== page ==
Saturnian moon emits long tendrils

The tendrils originate from geysers on the surface of Enceladus.
By Andrew McDonald | Apr 16, 2015
According to a NASA statement, images from the Cassini probe orbiting Saturn have revealed a strange and beautiful phenomenon in the vicinity of Enceladus, one of the gas giant's moons. The images show several wispy tendrils of material emanating from Enceladus. The ghostly emissions are visible only under certain lighting conditions in wide-view images.

The research team, led by Cassini imaging team associate Colin Mitchell of the Space Science Institute in Boulder, suspected that the tendrils were related to geysers discovered on Enceladus in 2005. These geysers also were identified by Cassini and consist of particles of water ice, water vapor, and simple organic compounds.

The tendrils reach from the vicinity of Enceladus into Saturn's E ring, in which Enceladus resides. The tendrils stretch tens of thousands of miles into the ring, and appear to be the mechanisms by which the E ring is replenished with material from Enceladus. Mitchell and colleagues built a computer model to trace the paths of ice particles emitted by individual geysers on Enceladus' surface.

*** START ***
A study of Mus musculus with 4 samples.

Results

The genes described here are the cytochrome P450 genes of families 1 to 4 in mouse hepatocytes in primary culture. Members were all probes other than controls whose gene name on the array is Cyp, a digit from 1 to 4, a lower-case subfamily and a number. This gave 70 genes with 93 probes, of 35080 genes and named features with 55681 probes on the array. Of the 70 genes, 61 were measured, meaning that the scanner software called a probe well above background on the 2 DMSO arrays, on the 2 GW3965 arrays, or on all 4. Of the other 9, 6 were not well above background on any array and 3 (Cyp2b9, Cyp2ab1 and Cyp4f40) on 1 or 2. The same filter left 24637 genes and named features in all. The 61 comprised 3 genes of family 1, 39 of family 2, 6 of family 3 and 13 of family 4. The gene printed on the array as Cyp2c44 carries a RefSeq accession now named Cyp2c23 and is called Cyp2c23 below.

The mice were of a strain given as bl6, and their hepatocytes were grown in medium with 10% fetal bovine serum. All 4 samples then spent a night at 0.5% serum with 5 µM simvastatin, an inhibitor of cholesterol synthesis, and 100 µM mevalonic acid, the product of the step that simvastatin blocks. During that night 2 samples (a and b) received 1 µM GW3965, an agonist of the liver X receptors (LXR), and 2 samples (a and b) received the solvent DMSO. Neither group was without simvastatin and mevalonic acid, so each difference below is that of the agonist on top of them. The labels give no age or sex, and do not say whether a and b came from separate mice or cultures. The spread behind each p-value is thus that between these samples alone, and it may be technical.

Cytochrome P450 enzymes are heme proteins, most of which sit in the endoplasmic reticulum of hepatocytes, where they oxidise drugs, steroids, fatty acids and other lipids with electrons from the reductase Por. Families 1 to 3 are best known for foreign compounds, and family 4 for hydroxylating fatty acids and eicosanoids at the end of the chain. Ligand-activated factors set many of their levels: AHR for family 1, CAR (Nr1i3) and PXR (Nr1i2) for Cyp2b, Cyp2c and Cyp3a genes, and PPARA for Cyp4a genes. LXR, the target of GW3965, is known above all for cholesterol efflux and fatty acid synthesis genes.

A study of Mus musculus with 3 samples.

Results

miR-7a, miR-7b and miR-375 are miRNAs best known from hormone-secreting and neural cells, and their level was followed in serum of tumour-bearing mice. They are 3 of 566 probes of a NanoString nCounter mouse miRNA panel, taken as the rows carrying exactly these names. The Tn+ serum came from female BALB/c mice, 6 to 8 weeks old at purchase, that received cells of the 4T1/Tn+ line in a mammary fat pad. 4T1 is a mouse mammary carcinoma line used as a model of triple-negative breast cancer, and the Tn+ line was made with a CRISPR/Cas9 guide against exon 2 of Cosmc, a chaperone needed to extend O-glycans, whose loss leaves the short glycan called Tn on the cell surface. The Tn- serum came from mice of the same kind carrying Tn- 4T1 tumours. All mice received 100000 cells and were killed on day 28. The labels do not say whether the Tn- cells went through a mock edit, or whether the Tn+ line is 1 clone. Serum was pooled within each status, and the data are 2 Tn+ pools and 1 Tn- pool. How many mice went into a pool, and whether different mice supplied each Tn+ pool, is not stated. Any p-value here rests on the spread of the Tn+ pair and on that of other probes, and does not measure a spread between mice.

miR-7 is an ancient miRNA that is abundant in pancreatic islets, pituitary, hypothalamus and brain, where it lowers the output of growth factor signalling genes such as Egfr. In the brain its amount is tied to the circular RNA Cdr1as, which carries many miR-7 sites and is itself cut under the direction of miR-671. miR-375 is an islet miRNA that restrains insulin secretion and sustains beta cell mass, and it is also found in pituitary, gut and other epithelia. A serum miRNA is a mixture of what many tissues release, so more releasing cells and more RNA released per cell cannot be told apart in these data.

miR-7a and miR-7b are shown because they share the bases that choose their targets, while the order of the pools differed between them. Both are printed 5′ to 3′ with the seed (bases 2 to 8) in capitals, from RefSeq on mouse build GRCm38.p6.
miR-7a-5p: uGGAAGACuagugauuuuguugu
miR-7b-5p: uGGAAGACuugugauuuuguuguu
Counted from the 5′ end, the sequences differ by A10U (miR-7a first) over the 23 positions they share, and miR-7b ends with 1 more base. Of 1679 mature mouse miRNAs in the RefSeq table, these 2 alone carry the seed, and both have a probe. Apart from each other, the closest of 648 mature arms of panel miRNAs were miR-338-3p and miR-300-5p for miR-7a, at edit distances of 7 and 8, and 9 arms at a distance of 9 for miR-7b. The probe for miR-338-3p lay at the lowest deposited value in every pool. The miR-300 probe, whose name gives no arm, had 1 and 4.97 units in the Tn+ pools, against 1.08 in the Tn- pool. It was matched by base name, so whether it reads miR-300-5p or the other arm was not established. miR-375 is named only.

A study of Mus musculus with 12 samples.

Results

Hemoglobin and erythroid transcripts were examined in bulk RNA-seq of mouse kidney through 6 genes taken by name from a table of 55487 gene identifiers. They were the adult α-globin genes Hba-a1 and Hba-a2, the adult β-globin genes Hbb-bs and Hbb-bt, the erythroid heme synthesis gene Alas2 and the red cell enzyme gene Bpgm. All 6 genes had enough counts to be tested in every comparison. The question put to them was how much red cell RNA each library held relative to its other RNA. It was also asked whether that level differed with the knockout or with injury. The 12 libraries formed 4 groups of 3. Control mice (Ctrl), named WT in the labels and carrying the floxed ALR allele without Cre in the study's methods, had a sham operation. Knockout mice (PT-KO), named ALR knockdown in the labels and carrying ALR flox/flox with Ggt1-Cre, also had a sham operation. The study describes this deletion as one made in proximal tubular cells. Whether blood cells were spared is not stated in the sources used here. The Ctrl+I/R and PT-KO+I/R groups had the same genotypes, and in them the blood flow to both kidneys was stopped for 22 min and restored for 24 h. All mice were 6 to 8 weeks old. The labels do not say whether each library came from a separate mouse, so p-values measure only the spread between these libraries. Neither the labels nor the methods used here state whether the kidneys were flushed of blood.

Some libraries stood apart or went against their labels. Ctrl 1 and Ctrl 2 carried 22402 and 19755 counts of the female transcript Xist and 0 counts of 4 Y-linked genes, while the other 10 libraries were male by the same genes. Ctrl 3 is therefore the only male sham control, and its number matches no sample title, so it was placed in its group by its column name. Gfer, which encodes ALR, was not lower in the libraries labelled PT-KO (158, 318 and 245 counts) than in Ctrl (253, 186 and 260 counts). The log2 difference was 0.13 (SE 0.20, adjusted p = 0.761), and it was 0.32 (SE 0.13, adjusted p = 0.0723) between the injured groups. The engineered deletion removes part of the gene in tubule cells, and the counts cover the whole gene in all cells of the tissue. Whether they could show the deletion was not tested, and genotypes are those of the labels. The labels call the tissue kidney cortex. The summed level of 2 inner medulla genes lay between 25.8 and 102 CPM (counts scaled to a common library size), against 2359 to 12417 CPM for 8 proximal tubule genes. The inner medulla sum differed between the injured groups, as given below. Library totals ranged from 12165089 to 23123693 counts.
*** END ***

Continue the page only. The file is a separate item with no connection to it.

This methods allowed the team to track the tendrils back to the geysers from which they originated. The team also determined that different sizes of particles relate to the different shapes observed in the tendrils. The particles that comprise the tendrils are no smaller than approximately a hundred thousandth of an inch across. The tendrils also changes shape over time, probably due to tidal stress incurred as Enceladus orbits Saturn and the resultant fluctuations in the diameters of the fractures in the moon's icy shell that emit the geysers.

"As the supply lanes for Saturn's E ring, the tendrils give us a way to ascertain how much mass is leaving Enceladus and making its way into Saturn orbit," said imaging team leader and study coauthor Carolyn Porco. "So, another important step is to determine how much mass is involved, and thus estimate how much longer the moon's sub-surface ocean may last."

The new findings were published online on April 14 in the Astronomical Journal.